Rachel Barton Pine overcame a horrific accident to rebuild her career. Since then, she’s found Mozart and Metallica aren’t so far apart. Andrew Eccles
Rachel Barton Pine is a violinist for all Four Seasons
String star Rachel Barton Pine takes on Vivaldi and Mozart here, but she finds just as much joy playing with a thrash-metal band
by Jessica Werb on Dec 18, 2013 at 8:00 am
It’s rare that a symphony orchestra would host a thrash-metal musician—let alone hand her the reins for an entire concert. Then again, when that musician happens to be virtuoso violinist Rachel Barton Pine, the divisions between musical genres tend to blur a little.
Chicago-based Pine, 39, has built a career as one of the most respected and critically acclaimed classical musicians, praised for her passion and depth of communication. She’s also a huge fan of Slayer—and regularly puts down her 1742 “ex-Soldat” Guarneri del Gesu to tuck her electric five-string Viper under her chin and headbang with her band Earthen Grave.
No need for local symphony lovers to stage a riot, however: Friday and Saturday (December 20 and 21), the eclectic musician will lead the VSO in a performance of Antonio Vivaldi’s The Four Seasons, Wolfgang Amadeus Mozart’s Violin Concerto No. 3 in G Major, and Joseph Boulogne le Chevalier de Saint-Georges’s Violin Concerto in A Major. But as Pine explains, on the line from her Chicago office, the worlds of Vivaldi and Metallica aren’t so far apart.
“The funny thing is that Vivaldi is very connected to metal,” she insists, with a sly laugh. “A lot of the great rock guitarists grew up studying classical music or look to classical music for inspiration. Romantic-era music is very inspiring to metal artists for its power and drama. And baroque-era music is very inspiring to metal
instrumentalists for its various figurations—what you would call, in rock music, the licks or the riffs. ”
While she won’t be shredding any Megadeth, Pine’s independent spirit will be in evidence during the concert, as she’ll be performing her own cadenzas during the Mozart concerto. “Well, here’s the thing,” she begins, in answer to a question about why she chooses to do so. “Had Mozart left some for us, of course I would have played Mozart. But since he didn’t write any, he intended for each performer to come up with their own. Typically, these days, performers from the 21st century play cadenzas written by great violinists from the 19th or early 20th centuries—people like [Jascha] Heifetz or [Fritz] Kreisler or [Joseph] Joachim. And those are excellent cadenzas. One could never hope to top them. But, on the other hand, if you’re the interpreter…it makes more sense to also do your own cadenzas, because that’s the most personal way to present a concerto and the most organically related to the rest of your interpretation.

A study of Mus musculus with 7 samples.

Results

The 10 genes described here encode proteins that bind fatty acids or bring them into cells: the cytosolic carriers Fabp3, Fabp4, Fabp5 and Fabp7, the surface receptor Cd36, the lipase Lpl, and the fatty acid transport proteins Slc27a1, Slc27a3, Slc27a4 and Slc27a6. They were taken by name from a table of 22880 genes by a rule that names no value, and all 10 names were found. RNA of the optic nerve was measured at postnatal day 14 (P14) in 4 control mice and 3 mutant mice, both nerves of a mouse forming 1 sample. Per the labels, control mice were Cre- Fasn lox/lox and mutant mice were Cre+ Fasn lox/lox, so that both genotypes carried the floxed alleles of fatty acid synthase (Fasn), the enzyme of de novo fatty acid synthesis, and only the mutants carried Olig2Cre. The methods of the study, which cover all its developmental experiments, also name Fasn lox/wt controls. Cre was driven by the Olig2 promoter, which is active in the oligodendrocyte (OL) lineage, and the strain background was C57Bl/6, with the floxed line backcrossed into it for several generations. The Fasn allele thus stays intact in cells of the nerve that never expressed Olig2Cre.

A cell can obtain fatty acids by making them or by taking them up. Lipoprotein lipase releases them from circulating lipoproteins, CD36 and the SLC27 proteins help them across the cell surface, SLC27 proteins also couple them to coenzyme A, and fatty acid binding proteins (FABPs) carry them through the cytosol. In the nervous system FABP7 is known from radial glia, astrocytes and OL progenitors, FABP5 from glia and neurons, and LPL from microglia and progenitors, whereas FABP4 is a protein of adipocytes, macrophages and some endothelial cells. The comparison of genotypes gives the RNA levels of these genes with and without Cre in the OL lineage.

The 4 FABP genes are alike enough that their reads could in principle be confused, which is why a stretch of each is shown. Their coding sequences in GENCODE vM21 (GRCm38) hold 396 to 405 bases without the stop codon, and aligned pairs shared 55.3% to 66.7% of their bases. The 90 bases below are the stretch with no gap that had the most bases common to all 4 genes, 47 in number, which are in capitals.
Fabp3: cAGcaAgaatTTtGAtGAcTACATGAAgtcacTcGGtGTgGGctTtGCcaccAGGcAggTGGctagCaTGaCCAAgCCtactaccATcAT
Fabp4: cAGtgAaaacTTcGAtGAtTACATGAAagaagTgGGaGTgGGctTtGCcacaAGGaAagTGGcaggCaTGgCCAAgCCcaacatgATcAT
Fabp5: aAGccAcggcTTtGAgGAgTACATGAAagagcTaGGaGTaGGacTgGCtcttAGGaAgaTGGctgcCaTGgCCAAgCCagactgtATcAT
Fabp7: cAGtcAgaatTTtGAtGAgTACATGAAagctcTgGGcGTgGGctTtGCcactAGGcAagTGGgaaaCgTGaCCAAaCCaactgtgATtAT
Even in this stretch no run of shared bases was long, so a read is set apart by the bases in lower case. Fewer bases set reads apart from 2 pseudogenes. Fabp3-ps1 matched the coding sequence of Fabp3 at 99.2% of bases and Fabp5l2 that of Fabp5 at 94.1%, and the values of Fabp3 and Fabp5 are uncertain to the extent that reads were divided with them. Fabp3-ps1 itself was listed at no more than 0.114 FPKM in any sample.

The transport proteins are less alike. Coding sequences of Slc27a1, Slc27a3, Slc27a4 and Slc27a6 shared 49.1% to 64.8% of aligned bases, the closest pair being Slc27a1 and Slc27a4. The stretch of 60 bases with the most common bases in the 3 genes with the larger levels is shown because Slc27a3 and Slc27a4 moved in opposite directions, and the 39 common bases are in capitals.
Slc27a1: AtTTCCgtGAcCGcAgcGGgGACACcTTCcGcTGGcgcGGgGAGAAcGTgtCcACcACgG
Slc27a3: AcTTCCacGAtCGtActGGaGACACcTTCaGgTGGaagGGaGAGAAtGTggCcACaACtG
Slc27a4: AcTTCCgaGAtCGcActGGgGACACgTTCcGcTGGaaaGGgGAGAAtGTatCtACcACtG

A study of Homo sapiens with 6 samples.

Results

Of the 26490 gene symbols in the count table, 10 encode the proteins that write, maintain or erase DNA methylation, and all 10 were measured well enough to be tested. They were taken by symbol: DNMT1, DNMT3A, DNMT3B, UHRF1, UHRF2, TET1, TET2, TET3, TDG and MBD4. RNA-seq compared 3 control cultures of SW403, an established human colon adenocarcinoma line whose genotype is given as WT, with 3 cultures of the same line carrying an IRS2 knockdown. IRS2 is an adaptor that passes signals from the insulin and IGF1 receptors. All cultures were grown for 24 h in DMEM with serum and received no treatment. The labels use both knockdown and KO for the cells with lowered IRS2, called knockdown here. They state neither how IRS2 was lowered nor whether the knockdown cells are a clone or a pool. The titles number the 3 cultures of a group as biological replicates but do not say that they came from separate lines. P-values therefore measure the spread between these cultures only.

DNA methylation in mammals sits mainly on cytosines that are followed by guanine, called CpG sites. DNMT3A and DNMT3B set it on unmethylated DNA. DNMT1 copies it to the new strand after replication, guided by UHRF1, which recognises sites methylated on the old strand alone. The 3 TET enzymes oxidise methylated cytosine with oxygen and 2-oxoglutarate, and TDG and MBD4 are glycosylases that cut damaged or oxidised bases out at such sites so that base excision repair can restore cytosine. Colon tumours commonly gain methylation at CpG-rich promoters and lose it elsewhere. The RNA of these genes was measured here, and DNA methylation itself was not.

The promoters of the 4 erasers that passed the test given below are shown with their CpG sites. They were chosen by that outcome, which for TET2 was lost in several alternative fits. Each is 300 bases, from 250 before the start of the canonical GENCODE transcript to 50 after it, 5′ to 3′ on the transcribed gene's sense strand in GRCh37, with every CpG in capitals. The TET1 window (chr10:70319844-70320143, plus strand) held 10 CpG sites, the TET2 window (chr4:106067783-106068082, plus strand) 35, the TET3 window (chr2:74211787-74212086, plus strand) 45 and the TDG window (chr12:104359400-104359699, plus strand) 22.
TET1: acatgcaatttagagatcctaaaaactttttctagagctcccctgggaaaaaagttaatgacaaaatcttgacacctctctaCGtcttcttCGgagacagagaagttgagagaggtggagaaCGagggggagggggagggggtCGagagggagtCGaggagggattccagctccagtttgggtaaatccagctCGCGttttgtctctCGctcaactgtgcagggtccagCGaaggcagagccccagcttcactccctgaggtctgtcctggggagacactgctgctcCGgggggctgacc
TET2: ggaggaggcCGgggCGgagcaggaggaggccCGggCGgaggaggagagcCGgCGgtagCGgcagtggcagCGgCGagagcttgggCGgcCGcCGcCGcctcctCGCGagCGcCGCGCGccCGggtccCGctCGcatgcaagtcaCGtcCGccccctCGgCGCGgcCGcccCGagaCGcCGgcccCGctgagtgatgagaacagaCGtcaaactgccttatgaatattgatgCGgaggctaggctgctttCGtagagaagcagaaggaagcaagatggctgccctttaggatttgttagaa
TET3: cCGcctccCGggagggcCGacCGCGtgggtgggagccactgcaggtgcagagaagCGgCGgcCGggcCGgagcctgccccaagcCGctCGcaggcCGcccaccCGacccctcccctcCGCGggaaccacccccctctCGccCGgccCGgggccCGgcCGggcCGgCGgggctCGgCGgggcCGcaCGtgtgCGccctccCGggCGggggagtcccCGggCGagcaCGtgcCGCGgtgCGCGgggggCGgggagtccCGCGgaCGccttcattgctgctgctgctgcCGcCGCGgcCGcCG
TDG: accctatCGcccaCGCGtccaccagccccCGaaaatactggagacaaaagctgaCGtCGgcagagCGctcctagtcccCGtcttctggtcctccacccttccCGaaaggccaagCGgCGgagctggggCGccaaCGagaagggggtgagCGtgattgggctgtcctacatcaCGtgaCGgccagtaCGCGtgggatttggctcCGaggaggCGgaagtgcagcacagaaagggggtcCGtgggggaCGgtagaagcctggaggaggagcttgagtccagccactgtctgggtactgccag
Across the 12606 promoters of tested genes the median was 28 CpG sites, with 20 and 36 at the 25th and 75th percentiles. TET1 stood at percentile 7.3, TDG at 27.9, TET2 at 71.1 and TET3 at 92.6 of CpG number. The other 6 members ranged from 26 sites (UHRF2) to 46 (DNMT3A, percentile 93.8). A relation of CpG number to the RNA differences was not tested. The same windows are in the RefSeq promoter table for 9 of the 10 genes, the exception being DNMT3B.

“And frankly,” she adds with a laugh, “it’s just fun.”
They’re more than that, though; her cadenzas, along with her original compositions and arrangements, were published by music publisher Carl Fischer in 2009, putting her in the same league as the great Fritz Kreisler and Jascha Heifetz in the “Masters Collection” series. This also earned Pine the distinction of being the only living artist—and the first woman—to join the series.
Pine’s accomplishments as a performer and interpreter stand on their own as a testament to her skill and talent. But viewed in light of the obstacles she has overcome, they are remarkable. When she was a child, her home life was beset by poverty and instability; her father was often unemployed, and the young prodigy became the household’s primary breadwinner. Then, as a 20-year-old on the cusp of a dazzling international career, she suffered a horrific accident when exiting a commuter railcar in Chicago, her violin strap becoming trapped in the doors. She was dragged over 100 metres along the tracks before being pulled under the train. Her left leg was severed above the knee, and her right leg was severely damaged.
“When I was injured…it wasn’t as life-changing an event as people might think, because I’d already faced so many obstacles and challenges,” she explains, her normally exuberant voice softening a little. “When I was a kid…our phone and electricity were constantly getting turned off. Some weeks, we didn’t even know how the heck we were going to pay for groceries and have enough money left over to put gas in the car to drive out to the lessons in the suburbs.…I was able to make it despite these seemingly insurmountable odds, thanks to generous individuals who helped me along the way.”
Today, Pine and her husband, Greg Pine, a health-care consulting firm CEO, run the Rachel Elizabeth Barton Foundation, which supports young musicians with instrument loans and grants, and promotes the work of black composers. And amid all of this, Pine also finds the time to parent her two-year-old daughter, Sylvia, who, with her husband, accompanies her on all her tour dates.
“She started touring with me when she was three weeks old,” says Pine, proudly. “I felt like I’d already had such a long break because you’re not supposed to fly the last six weeks of your pregnancy. When you add on two more weeks, that was two whole months and I don’t think I’d been home from touring for two whole months since I was a young teenager. It was very unnatural—I was like, ‘I need to hit the road again!’ ”
When her schedule brings her to Vancouver, Pine says, she’s hoping to lure a few metalheads to the Chan Centre. “When I play the last movement of Vivaldi’s ‘Summer’, I’m playing speed metal,” she insists. “But that’s just a backwards way to say speed metal stole everything from Vivaldi.…I think anybody who enjoys rock music who is not so familiar with classical, it’s just a great way to get your feet wet and give it a try. You’re definitely going to understand and enjoy what Vivaldi is doing. Because you don’t know it, but you’ve actually heard it before.”